Osborne House, just outside East Cowes, is one of the most popular attractions on the Isle of Wight. The Osborne House Estate was bought by Queen Victoria and Prince Albert in 1845. They had been searching for a seaside residence for their rapidly growing family. It became her favourite residence particularly after Prince Albert's death where she sought sanctuary at Osborne House. Today you can visit Osborne House and tour the rooms which have been restored as they would have looked during Queen Victoria's time here. Numerous personal items, gifts made to the Queen and unusual artefacts are on display throughout the house and grounds.
Queen Victoria had fallen in love with the Isle of Wight when visiting as a girl. When they found Osborne House the Queen was known to have said that "It is impossible to imagine a prettier spot - we have a charming beach quite to ourselves - we can walk anywhere without being followed or mobbed". This sums up Osborne House's charm for the royal couple. They both revelled in the remoteness and separateness of the house on the Isle of Wight where they were able to indulge their interests - particularly Prince Albert who was able to assert his own influence on the building of the house and indulge his architectural interests. When Queen Victoria and Prince Albert first visited the estate it was a three storey Georgian house with views of the Solent which reminded Albert of the Bay of Naples. At first it was felt that with a few alterations it would be suitable for the Royal's burgeoning family, but it was soon decided that it was too small and that extensive building works would be required.
The Pavilion was the first section of the house to be built. The architectural style preferred by the Royal couple was Italian Renaissance and Prince Albert worked with Thomas Cubitt - builder and developer of London suburbs in Pimlico, Bloomsbury and Belgravia - and Professor Ludwig Gruner - an authority on Raphael and Italian frescoes - for the interior decoration. Over time the house grew to its grandiose size we see today. Ironically Queen Victoria was keen to produce Gemutlichkeit - a cosiness to the house which to our eye may seem out of kilter with the formal and luxurious furnishings of the day. However, it seems that Queen Victoria and Prince Albert were very happy here and managed to organise their engagements so that they could regularly spend March, May, part of July and August, late November and December at Osborne House.
When Prince Albert died in 1861 it was at Osborne House that Queen Victoria sought solace. Her mother had died the same year and a grief stricken Queen Victoria remained at Osborne House until March 1862 - much to the consternation of her ministers. An evocative memory of Victoria's mourning at Osborne House is depicted in the painting "Sorrow" by Sir Edwin Landseer which hangs in the horn room. In it Queen Victoria is on her horse reading letters while the horse is steadied by John Brown who became a friend to her during her mourning for Prince Albert.
After Queen Victoria's death in 1901 the estate was open to the public for the first time in 1904. Tours today take in the Council Room where Queen Victoria's privy council of ministers met and where Prince Albert was awarded the title of Prince Consort in 1857. Personal rooms are also open for viewing such as the Drawing Room, Prince Albert's Dressing and Writing Room adjacent to Queen Victoria's Sitting Room with its views of the Solent. The Royal Couple worked in this room attending to the contents of the dispatch boxes. You can see their desks which are identical except that Prince Albert's was altered to accommodate his longer legs.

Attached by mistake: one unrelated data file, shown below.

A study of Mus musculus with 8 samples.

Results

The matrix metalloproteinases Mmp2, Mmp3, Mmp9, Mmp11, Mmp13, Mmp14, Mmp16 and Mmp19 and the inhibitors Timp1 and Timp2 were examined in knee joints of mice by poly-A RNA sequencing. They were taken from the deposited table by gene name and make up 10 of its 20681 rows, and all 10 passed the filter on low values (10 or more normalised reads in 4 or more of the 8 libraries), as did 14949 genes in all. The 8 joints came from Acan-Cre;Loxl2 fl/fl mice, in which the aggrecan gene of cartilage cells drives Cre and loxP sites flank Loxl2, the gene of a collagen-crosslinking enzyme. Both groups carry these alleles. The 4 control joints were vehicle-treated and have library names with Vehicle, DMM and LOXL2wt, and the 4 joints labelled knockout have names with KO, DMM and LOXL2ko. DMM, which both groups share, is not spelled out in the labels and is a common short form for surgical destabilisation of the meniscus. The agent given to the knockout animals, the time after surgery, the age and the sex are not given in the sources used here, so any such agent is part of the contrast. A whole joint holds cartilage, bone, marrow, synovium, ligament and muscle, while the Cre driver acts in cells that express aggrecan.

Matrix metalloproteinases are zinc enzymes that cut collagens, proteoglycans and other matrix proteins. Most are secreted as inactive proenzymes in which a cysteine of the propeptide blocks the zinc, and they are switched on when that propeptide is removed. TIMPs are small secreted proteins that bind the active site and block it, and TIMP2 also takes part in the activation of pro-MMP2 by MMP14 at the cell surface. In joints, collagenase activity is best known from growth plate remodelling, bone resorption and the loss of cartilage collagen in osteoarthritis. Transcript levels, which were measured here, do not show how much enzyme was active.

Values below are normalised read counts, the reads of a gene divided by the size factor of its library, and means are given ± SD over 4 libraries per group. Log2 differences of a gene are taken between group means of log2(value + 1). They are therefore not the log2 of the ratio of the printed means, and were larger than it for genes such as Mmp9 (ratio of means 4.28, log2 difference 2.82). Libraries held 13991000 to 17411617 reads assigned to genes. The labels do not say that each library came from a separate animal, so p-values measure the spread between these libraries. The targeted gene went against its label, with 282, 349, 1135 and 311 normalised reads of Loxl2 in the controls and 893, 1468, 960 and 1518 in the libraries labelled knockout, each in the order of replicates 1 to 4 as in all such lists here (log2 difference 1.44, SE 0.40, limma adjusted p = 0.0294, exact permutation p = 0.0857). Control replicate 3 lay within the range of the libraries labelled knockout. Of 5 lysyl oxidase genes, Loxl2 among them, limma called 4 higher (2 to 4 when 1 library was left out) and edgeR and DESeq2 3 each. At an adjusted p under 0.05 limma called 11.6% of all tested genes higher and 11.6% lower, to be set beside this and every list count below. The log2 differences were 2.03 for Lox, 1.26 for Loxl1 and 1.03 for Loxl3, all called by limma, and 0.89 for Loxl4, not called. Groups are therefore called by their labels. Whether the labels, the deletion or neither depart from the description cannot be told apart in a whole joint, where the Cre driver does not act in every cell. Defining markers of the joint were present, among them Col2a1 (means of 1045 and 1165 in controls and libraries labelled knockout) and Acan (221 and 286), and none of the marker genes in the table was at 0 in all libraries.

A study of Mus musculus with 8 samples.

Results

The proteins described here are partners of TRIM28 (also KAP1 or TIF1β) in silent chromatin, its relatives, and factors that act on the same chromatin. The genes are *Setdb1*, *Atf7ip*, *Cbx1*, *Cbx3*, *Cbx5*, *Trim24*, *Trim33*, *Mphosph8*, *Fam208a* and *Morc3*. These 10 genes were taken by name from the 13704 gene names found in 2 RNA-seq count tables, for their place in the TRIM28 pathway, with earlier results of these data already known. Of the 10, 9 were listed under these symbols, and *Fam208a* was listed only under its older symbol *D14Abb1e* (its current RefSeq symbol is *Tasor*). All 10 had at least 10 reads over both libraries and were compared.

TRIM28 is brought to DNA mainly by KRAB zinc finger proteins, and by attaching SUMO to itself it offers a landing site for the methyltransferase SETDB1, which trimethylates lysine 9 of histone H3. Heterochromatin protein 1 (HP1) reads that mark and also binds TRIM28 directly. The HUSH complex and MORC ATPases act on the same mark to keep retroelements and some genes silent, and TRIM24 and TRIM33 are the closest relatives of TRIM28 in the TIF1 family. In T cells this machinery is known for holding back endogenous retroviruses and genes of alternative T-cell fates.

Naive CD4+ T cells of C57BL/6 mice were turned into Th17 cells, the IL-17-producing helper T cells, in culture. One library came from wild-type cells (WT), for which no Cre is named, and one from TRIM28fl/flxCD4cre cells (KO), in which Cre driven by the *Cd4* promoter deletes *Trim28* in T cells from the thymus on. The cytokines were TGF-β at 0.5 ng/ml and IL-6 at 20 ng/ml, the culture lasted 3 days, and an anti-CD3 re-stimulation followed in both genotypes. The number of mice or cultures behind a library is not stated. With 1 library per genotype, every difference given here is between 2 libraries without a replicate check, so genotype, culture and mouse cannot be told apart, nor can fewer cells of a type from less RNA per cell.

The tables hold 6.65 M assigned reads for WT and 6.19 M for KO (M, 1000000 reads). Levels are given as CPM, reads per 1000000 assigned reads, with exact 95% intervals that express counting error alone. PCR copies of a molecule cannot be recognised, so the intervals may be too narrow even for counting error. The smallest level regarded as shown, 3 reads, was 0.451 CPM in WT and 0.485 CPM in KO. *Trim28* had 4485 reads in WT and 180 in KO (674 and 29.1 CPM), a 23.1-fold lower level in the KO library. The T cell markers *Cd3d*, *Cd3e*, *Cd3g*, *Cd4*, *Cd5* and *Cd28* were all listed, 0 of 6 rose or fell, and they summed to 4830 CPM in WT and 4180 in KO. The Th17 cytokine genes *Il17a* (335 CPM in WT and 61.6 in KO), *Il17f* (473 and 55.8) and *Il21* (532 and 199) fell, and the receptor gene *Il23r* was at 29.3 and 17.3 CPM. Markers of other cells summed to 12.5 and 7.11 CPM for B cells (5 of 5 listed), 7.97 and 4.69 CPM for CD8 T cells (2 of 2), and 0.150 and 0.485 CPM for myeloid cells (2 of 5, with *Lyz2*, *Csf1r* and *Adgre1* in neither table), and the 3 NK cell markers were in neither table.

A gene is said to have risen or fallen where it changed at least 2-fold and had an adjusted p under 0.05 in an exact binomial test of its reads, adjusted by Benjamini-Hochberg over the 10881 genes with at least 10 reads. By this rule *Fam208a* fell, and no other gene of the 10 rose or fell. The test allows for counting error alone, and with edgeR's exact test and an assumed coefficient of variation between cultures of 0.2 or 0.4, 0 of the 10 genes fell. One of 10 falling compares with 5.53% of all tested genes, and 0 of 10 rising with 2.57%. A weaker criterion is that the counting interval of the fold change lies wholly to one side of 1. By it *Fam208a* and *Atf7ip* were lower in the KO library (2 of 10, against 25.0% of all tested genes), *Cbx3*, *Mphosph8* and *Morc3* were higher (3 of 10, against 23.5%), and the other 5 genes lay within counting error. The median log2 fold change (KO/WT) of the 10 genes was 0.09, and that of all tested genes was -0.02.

The intricate decoration of the Durbar Room is a real highlight of the tour. Created to hold state receptions it was decorated in the popular Indian style of the time. Rudyard Kipling's father introduced the work of carver Bhai Ram Sing to Queen Victoria and he was commissioned to carry out the work at Osborne House. The room now displays a large collection of beautiful gifts of caskets with messages to the Queen given to her during her reign. All this and more is contained in an Italianate designed mansion coloured to reflect Bath stone that was popular at the time. Queen Victoria died at Osborne in 1901 after failing health. Such a huge historic event meant that Osborne House was the focus of the world as her coffin lay in state in the house and arrangements were made for it to be transported back to the mainland to be laid to rest with Prince Albert at Frogmore in Windsor. A memorial created by her children hangs above the bed in which the Queen died.
You can also tour round the estate gardens where many of the trees were planted by the Royal Family. At the far end of the grounds is the Swiss Cottage brought in from Switzerland and rebuilt for the royal children to provide a place where they could learn to cook, clean, garden and grow flowers and vegetables. Look inside the shed opposite each individual child's garden and see their personal wheelbarrows all inscribed with their initials. Also at this end of the estate is one of Queen Victoria's bathing closets. It was due to her promotion of sea air and taking the waters that made many of Britain's seaside resorts popular during her reign. For much needed refreshment there's a small cafe at the back of Swiss Cottage and a restaurant up at the main house. A minibus service runs from the main house down to Swiss Cottage and back or you can hop aboard a horse and cart ride around the estate.